I rather foolishly offered to come up with a top ten must-read list of historical novels for Authors 18 (a group of debut authors with novels coming out in 2018). Trying to whittle down a list of books in my favourite genre to only ten was definitely not easy, and if you ask me in a month (or even a week) what my top ten are, they’ll probably be different! But for now, here they are, with thanks to Jennifer Klepper for the lovely graphic and for promoting my list on social media.
I thought I’d add a justification for my choices, since some of them might be unfamiliar or controversial to other readers. I tried to choose a variety of time periods and subgenres, but for the most part I chose books that changed me and stayed in my mind for months or even years after I read them.
- The Red Tent by Anita Diamant is the urtext for Christian feminists. I’m not sure this one needs any justification, but if so, I’ll just repeat a line from The Boston Globe‘s review: “The Red Tent is what the Bible would be like if it had been written by women, but only Diamant could have given it such sweep and grace.”
- Atonement by Ian McEwan is for the English professor in me, but it’s also just a brilliantly-crafted story about childish mistakes, lies, forgiveness, and the power of storytelling.
- The Children’s Book by A.S. Byatt is definitely not for children. A rich, disturbing family saga that begins in the late-Victorian period and ends after WWI, this book defies description. Byatt’s books are dangerous because I always finish them thinking, “I can never hope to match this as a writer, so I shouldn’t even try.” Read at your own risk!
- The Forgotten Garden by Kate Morton. This book has everything I look for in any novel: fairy tales, fascinating
characters, history, a complex plot, a vivid sense of place. Morton is above all a consummate storyteller.
- The Thirteenth Tale by Diane Setterfield. A haunting gothic tale with an intricate plot. I was so immersed in this book I don’t think I ate, slept, or talked to anyone until I finished it.
- Abigale Hall by Lauren Forry. Another suspenseful gothic tale and the newest novel on this list. This one made me scream out loud while reading it, but it might be too gruesome for some readers. Read my full review here.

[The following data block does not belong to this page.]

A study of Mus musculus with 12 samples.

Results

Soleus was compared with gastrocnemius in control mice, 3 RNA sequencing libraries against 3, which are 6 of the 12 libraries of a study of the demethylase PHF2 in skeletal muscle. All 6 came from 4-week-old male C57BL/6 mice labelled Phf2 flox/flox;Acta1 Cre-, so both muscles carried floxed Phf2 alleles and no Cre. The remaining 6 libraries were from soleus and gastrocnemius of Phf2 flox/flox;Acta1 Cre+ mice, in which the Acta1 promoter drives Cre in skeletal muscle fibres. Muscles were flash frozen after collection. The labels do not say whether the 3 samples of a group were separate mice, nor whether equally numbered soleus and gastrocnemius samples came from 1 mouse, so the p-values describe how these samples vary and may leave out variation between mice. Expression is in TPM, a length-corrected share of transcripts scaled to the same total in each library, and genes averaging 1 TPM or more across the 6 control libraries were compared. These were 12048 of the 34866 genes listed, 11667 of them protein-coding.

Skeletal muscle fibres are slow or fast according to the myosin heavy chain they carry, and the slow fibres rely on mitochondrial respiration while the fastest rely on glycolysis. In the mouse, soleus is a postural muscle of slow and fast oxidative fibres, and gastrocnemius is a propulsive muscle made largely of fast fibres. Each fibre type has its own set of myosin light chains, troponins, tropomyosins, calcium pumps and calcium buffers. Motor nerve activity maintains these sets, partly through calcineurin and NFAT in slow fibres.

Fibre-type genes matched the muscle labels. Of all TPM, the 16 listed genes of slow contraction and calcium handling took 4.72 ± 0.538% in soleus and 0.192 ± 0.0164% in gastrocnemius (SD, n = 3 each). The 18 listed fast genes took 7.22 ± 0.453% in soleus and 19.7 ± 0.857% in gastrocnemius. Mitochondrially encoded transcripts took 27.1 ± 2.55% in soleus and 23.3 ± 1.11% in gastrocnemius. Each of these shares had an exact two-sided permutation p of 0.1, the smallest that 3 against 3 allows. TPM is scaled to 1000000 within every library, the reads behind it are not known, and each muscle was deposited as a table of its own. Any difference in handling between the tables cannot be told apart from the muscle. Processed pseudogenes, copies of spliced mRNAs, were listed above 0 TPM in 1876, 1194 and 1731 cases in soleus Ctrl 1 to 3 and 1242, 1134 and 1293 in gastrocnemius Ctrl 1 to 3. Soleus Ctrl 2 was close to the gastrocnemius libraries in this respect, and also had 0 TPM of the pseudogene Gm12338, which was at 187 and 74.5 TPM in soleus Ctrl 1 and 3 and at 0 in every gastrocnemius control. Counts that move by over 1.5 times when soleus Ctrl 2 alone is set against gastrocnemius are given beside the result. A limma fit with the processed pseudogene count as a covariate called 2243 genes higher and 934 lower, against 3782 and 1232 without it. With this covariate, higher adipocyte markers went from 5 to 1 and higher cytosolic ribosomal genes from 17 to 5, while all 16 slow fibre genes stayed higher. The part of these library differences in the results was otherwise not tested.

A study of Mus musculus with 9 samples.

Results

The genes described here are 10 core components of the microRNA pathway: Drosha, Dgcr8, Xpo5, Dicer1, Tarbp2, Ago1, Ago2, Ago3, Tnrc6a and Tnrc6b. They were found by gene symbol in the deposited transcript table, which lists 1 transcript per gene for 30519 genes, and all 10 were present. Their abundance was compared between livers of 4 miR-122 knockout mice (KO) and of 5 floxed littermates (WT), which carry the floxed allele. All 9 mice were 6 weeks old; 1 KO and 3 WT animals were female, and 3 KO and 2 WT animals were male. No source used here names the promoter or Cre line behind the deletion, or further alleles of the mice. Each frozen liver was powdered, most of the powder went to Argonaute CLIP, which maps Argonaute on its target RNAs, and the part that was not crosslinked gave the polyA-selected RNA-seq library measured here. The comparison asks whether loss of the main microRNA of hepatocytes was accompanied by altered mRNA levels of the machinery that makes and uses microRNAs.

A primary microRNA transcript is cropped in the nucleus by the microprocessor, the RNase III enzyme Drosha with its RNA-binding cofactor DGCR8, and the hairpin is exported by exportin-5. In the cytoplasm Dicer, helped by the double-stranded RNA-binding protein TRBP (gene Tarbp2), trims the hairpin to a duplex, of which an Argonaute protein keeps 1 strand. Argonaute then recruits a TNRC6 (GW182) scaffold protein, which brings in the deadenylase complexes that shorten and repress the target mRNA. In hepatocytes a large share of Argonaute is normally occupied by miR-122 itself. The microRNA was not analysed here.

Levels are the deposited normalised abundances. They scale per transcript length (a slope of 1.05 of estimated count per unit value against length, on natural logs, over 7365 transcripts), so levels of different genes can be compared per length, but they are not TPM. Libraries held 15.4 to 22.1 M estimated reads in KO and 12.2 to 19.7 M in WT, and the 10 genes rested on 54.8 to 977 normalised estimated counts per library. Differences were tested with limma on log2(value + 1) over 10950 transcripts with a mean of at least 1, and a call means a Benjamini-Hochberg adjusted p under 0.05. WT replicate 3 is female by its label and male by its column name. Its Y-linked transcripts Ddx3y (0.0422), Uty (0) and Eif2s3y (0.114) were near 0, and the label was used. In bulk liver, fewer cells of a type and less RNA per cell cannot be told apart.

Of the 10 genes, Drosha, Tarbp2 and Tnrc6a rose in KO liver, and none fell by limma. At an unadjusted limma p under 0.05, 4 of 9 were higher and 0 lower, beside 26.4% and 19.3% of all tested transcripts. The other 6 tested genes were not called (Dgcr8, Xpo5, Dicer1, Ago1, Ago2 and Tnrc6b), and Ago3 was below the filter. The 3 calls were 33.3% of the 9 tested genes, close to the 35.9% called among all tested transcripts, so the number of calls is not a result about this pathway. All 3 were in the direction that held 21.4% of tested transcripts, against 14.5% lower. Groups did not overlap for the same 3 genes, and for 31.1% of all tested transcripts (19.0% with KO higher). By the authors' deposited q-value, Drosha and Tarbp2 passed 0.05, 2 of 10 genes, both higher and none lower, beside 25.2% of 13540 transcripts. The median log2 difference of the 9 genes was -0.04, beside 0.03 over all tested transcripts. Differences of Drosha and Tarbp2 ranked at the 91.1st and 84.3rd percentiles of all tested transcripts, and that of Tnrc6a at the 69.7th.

- Girl Runner by Carrie Snyder. The best Canadian historical novel I’ve ever read. Beautiful language, fascinating characters, and a story that fully drew me in even though I have no interest in running or any sport that involves running! Read my full review here.
- Amy Snow by Tracy Rees. This is the novel Dickens should have written. It recreates an authentic Victorian world whose characters I was sad to leave when the book ended. There’s some mystery too, but I loved it mainly because it felt like my favourite Victorian classics.
- Fingersmith by Sarah Waters. Waters is the master of plot twists. I want to take her books apart and learn from them how to write a story that keeps the reader gasping and on the edge of her seat. Brilliant.
- Middlemarch by George Eliot. The astute reader may ask why I included this actual Victorian novel on a list of the top ten historical novels. It doesn’t fit the typical definition of historical fiction, which is fiction that’s set at least 50 years in the past. Eliot (aka Mary Ann Evans) set the novel in the early 1830s, only 40 years before it was published. My best answer is that this novel should be on the top ten list of any novels of any genre. Don’t let the literary status or the length of Middlemarch fool you: it’s a great big perfectly-constructed soap opera, and once you’ve read it, it will colour everything you see forever. In a good way.
What do you think of my list? What would you change? Have you read any of these novels, and if so, do you think they’re worthy of being on a top ten list?